Back when Austin Terry and Dakoda Kenig were carrying the football in pee-wee league games in Blue Springs, they had a dream.

“We’ve dreamed about playing in the same backfield at Blue Springs South since we were in second grade,” said Terry, who is having a stellar junior season for the Jaguars. “Now, we don’t have to dream about it because it’s happened. Sharing the backfield with one of your best friends is amazing – especially since we’ve talked about it since we were little kids.”

As Terry talks about dreams coming true, Kenig nods in agreement.

“Now, it’s real, and it’s amazing,” Kenig adds. “And I’m not just sharing the ball with my best friend, he’s my brother. His family has always treated me like their son, and now, well, it’s something we’ll share forever.”

The juniors, who have combined for 1,611 yards rushing this season, could play a key role in Friday night’s Class 6 District 3 championship game when the Jaguars head a few miles north to Peve Stadium, where they will play their crosstown rivals for the second time this season.

“Blue Springs versus Blue Springs South – it doesn’t get much bigger than that,” said Terry, who had 11 carries for 71 yards in the Jaguars’ 21-3 regular-season loss to the Wildcats. “We’re all excited about playing them again. We’re playing our best football now, and we’re working hard this week.

“We work hard at practice every week, but there’s just something a little extra special about Blue Springs week because we know all those guys and respect their program. We know we have to play our best game against them.”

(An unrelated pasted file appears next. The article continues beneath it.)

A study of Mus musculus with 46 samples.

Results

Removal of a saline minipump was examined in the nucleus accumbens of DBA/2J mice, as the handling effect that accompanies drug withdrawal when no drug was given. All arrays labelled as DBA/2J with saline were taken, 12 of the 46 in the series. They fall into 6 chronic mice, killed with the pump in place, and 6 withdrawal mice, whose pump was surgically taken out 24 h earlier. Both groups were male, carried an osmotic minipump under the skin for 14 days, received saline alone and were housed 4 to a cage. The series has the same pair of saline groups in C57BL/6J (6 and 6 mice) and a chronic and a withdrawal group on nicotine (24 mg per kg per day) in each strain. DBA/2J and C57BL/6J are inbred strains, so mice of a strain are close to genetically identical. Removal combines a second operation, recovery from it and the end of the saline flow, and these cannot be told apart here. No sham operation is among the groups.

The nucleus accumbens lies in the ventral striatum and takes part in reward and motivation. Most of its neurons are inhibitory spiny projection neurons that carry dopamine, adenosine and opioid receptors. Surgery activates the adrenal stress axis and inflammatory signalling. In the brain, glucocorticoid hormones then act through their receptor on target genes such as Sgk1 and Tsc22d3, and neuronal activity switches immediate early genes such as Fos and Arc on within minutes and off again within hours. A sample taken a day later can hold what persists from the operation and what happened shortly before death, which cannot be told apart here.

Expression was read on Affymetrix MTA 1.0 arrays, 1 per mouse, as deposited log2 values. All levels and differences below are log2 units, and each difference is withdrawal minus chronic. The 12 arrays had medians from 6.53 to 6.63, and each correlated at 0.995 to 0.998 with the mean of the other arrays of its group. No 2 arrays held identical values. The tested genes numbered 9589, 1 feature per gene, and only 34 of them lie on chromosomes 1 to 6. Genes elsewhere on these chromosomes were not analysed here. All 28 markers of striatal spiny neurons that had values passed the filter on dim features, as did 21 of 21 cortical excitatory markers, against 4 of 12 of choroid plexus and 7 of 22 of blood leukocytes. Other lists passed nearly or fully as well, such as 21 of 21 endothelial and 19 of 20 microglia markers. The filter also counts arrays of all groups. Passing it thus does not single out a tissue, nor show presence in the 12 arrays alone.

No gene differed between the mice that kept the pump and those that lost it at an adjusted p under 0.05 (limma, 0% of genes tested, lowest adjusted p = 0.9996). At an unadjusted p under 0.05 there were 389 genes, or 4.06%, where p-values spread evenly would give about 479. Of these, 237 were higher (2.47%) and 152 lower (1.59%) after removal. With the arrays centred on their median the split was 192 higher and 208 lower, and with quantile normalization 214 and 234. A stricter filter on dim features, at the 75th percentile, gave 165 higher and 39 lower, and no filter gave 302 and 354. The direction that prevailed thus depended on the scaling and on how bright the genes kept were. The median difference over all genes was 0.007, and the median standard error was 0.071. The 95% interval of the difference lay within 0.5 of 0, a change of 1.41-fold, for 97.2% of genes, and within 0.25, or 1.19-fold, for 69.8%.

Terry has turned in back-to-back gems to help his 5-6 Jaguars claim two big postseason wins.

In a 48-20 victory over Francis Howell, he carried the ball 16 times for a school single-game rushing mark of 237 yards and three touchdowns.

“Yeah, I got the record, but all anyone was talking about after the game was Michael,” he said with a laugh, referring to teammate Michael Muehlberger, who scored a state record four defensive touchdowns in the game. “I guess it was bad timing on my part.

“Every day I’d walk by our record board and see the school record of 225 yards (held by Tony Matzke), I’d think about how I’d like to break that record. I did it, and it was a great because once I found out about it on the bus home from Francis Howell, everyone got all excited for me, like they got excited for Michael during the game.

“Michael deserved it. He scored more points than our offense. We had a competition going, you know, feeding off each other. He was the man.”

When asked about robbing Terry of his moment in the spotlight, Muehlberger just grinned.

“I’ve never had a pick-6, let alone four defensive touchdowns in one game – Austin just picked the wrong game to set the rushing record,” Muehlberger said with a chuckle. “But I’m glad he did it – we needed all the points we could get that night.”

While he didn’t set any school records in a 16-13 win over No. 1 ranked Columbia Rock Bridge last week, he found the end zone for the only touchdown in overtime to set up Friday’s game at Blue Springs.

“We needed that touchdown,” said Terry, who has 1,130 yards and 15 touchdowns on 193 carries this season while Kenig has added 481 yards and three touchdowns on 81 carries. “We needed to score because they had already kicked a field goal (to lead 13-10). Michael hit D.J. (Frost) with a big pass to get the ball down to the 1, and the offensive line did the rest.”

The camaraderie between the Jaguars is a big reason they have been able to overcome an 0-4 start and make it this far into the postseason.

“The kids on this team really do like each other – and Austin and Dakoda have been friends for a long time,” South coach Jon Oyler said. “They are easy kids to cheer for. You’d never find two better kids, two harder working kids than Austin and Dakoda, but heck, I could say that about every player on our team.

“That’s why I’m so happy for the success we’ve had lately. As a coach, you like to see kids like Austin and Dakoda and the rest of the team have success because they’ve worked so hard to earn it.”